Literature review Rwandan genocide

The Rwandan genocide that happened in 1994 led to the massacre and killings of more than 800,000 people. The killings occurred when the international community was made aware of the country’s political, administrative, and military concerns. Therefore, leadership, ethics, and organizational factors played a role in failing to prevent genocide in Rwanda. More so was the interplay between critical leaders and geopolitical relations.

Leadership involves organizing people, events, and activities to achieve a mission or a goal. Organizational behavior evaluates and analyses the impact and actions of leaders, individuals, and groups. In the Rwandan genocide, different leadership perspectives emerge from various leaders during the period. Transformational leadership involves inspiring positive changes among the followers. Transformational leaders are known to be energetic, passionate, enthusiastic, concerned, and engaged in the process (Robbins, 2004). Lieutenant-General Romeo Dallaire was a transformational leader as he focused on each of the groups in conflict to assess the situation and come up with a solution. His leadership style took into account different considerations, including the administrative, humanitarian, military, and political factors. His deputy, Beardsley, also adopted a transformational leadership style in the peacekeeping mission.


Behavioral leadership theory is based on the belief that leaders can learn new actions and achieve new results through teaching and learning. In behavioral leadership, a leader develops a behavior of having a specific response to a particular stimulus. The UN member states and the UN department of political affairs practiced behavioral leadership whereby they handled the situation based on previous peacekeeping missions. The contingency leadership theory focuses on environmental or surrounding factors that determine what leadership is suitable. A leader does not adopt one particular leadership style in all situations, and so adopts a style based on the situation, leadership style, and the followers’ condition. Booh-Booh adopted the contingency leadership style as his leadership was based on the situation and his leadership style would affect the process. In 1993, Rwanda was under the leadership of Juvenal Habyarimana, who had served as a dictator. His leadership perspective was based on the contingency perspective whereby he adopted dictatorship in an environment that was hostile to allow any other form of leadership.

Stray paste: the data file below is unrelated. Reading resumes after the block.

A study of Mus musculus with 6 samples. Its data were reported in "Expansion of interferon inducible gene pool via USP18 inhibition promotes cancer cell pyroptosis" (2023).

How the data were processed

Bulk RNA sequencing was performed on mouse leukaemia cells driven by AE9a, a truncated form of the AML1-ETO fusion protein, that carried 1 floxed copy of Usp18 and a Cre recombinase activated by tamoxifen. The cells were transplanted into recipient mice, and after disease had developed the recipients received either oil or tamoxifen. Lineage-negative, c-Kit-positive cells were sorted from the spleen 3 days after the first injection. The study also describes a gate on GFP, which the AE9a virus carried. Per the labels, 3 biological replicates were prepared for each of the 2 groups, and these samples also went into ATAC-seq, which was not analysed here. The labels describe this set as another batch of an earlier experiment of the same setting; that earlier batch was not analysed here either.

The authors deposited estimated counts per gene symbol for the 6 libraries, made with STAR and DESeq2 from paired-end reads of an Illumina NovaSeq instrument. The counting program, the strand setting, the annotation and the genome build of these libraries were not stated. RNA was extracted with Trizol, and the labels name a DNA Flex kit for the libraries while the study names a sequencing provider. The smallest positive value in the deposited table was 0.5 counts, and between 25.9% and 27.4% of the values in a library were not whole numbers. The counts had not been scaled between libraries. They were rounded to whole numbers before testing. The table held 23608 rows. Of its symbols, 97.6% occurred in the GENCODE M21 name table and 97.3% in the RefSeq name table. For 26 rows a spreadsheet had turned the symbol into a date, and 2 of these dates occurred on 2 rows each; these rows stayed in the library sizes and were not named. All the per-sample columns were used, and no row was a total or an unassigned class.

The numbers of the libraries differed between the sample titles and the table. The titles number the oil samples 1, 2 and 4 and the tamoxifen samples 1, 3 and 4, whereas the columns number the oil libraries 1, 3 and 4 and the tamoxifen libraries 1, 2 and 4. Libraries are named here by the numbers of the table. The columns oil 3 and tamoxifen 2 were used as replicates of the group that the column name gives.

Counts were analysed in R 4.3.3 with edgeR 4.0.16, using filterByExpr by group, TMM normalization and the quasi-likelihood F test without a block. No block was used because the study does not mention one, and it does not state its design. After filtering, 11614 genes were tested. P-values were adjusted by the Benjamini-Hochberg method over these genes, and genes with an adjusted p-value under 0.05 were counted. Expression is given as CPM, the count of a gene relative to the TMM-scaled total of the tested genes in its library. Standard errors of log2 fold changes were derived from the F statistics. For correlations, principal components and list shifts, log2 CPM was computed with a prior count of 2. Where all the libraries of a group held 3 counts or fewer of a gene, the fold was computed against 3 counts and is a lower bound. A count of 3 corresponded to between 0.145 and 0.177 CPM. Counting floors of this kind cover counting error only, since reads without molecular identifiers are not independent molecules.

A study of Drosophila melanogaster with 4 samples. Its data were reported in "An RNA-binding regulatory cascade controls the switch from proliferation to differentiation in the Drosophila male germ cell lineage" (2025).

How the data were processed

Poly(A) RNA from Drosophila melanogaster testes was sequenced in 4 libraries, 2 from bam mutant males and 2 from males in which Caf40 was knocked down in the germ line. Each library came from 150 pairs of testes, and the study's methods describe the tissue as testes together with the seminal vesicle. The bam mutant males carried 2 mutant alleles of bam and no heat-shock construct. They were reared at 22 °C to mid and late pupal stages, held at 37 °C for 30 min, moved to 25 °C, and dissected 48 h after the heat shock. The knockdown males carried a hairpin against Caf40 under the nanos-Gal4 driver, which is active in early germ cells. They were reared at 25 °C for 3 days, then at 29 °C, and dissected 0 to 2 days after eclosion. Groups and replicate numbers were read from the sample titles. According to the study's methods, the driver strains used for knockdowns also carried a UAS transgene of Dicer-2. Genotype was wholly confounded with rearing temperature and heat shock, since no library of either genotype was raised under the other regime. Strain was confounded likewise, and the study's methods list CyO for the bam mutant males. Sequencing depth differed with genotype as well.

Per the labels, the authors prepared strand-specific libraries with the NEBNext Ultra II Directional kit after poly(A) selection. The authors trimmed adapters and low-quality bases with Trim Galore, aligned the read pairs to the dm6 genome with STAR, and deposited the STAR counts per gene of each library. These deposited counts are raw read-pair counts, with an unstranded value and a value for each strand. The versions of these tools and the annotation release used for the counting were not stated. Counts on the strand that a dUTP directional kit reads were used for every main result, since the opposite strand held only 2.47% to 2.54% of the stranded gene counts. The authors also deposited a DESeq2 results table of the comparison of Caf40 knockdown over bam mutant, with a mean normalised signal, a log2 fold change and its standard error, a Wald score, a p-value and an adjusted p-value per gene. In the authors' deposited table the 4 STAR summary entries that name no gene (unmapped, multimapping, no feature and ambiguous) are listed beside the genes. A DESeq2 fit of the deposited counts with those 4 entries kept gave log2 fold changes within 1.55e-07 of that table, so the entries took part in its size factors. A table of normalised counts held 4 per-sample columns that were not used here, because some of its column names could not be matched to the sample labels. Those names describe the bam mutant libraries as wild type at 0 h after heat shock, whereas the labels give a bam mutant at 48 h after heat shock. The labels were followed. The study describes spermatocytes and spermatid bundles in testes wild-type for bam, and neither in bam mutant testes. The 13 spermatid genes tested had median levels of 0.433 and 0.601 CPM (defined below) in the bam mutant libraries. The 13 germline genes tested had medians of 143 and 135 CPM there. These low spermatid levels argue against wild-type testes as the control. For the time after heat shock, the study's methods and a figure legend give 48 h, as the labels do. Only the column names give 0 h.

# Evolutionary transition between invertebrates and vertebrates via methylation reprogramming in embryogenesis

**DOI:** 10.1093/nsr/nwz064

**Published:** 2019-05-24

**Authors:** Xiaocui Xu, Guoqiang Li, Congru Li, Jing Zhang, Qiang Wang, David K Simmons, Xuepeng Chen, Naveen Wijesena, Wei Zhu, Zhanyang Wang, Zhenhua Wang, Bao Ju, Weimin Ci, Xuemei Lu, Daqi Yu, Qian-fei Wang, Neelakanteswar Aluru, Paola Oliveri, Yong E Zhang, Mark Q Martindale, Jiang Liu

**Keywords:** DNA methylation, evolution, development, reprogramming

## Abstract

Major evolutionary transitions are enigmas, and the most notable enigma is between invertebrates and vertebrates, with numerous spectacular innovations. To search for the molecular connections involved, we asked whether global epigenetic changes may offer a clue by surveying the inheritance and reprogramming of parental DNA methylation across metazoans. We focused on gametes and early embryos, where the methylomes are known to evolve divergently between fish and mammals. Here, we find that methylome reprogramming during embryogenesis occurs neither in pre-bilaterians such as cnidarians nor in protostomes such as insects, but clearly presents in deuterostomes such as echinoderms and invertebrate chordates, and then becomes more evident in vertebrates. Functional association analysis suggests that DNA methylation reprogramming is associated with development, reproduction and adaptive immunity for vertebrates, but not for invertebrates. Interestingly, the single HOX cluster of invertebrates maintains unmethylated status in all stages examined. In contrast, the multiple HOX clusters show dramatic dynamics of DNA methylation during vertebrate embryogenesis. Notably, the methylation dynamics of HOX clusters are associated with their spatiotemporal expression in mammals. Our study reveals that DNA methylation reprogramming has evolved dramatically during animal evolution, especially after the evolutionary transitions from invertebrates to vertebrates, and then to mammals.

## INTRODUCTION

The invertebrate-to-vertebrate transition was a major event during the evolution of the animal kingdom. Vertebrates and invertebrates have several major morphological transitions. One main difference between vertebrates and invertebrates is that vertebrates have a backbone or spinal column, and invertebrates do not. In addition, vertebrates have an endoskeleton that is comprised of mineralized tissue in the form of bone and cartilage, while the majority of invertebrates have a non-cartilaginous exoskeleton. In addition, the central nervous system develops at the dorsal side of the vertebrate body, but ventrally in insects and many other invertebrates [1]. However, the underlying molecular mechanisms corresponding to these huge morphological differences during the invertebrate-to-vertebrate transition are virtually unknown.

Incompetent leadership, all leaders possess certain traits that label them a leader. Some of these traits include integrity, self-confidence, self-drive, integrity, among other characteristics. The UN secretary-general’s special representative, Jacques-Roger Booh-Booh, saw himself as a competent leader as he adopted the diplomatic, political approach, and work ethics. He was not as involved in ensuring the success of the peacekeeping mission as Dallaire was.

The different leadership perspectives that the various leaders adopted clashed in administrative, political, humanitarian, and political factors. Each leader adopted a suitable style for themselves, which made the situation in Rwanda worse. There was also a lack of support for each leader and his style, and this made the peacekeeping mission ineffective and blameworthy in the Rwandan genocide. There was a lot of politicking between the UN member states and also between Habyarimana’s government and the Belgian forces that came as peacekeepers. The interplay between the different leadership styles and the geopolitical relations did not coordinate the situation in Rwanda, and to some extent, it made the situation worse. Therefore, poor organization of the different leadership perspectives failed to put proper structures and security processes to ensure the mission’s success (Long et al, 2009, p.277).